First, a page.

National Oceanic and
Atmospheric Administration
United States Department of Commerce


FY 1987

Fine-scale variability at 140°W in the equatorial Pacific

Chereskin, T.K., J.N. Moum, P.J. Stabeno, D.R. Caldwell, C.A. Paulson, L.A. Regier, and D. Halpern

J. Geophys. Res., 91(C11), 12,887–12,897, doi: 10.1029/JC091iC11p12887 (1986)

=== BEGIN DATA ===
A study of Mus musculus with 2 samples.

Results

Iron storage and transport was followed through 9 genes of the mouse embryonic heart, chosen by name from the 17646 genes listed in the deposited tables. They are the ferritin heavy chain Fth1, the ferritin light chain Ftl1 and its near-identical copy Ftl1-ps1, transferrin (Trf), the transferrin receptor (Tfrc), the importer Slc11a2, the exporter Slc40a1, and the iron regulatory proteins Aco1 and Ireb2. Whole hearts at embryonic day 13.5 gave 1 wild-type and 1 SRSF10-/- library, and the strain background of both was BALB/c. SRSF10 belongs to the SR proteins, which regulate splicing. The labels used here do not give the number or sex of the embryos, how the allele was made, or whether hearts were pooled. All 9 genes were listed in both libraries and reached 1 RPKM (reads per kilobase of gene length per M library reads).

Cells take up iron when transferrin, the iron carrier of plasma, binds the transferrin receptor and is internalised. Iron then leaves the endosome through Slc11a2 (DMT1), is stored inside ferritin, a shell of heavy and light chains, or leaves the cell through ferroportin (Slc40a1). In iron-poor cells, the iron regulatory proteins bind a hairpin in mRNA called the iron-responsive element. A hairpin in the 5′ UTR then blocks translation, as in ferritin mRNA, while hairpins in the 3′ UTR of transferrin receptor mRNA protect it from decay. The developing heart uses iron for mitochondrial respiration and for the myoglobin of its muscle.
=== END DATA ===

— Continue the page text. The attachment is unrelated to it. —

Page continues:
In November-December 1984 we carried out an intensive 12-day upper ocean sampling program on the equator at 140°W as part of the Tropic Heat Experiment. From our observations we constructed hourly averaged profiles of temperature, salinity, st, turbulent kinetic energy dissipation rate, and horizontal velocity. These data were used to examine the correspondence between hydrographic and velocity fields and to compare the measured turbulent dissipations with the calculated Richardson numbers. We found that the core of the Equatorial Undercurrent tracked a density surface (σt = 25.25) on times as short as 1 hour. The variability in both hydrographic and velocity fields was greatest at the semidiurnal frequency. The supertidal energy was not significantly different from the Garrett-Munk mid-latitude level once latitudinal scaling was removed from the Garrett-Munk model parameters. Horizontal velocity spectra were found to be contaminated by displacement of the background shear. Turbulent dissipation was dominated by a diurnal cycle, with high values of dissipation occurring at night above the undercurrent core. Shear and buoyancy frequency, calculated over 12-m vertical scales, were observed to track each other above the core and were dominated by a diurnal period above 40 m and by a semidiurnal period below 40 m. When shear and buoyancy frequency were combined to form a Richardson number, neither diurnal nor semidiurnal cycles were present. Above the undercurrent core, the Richardson numbers were uniformly small (0.3 to 0.6).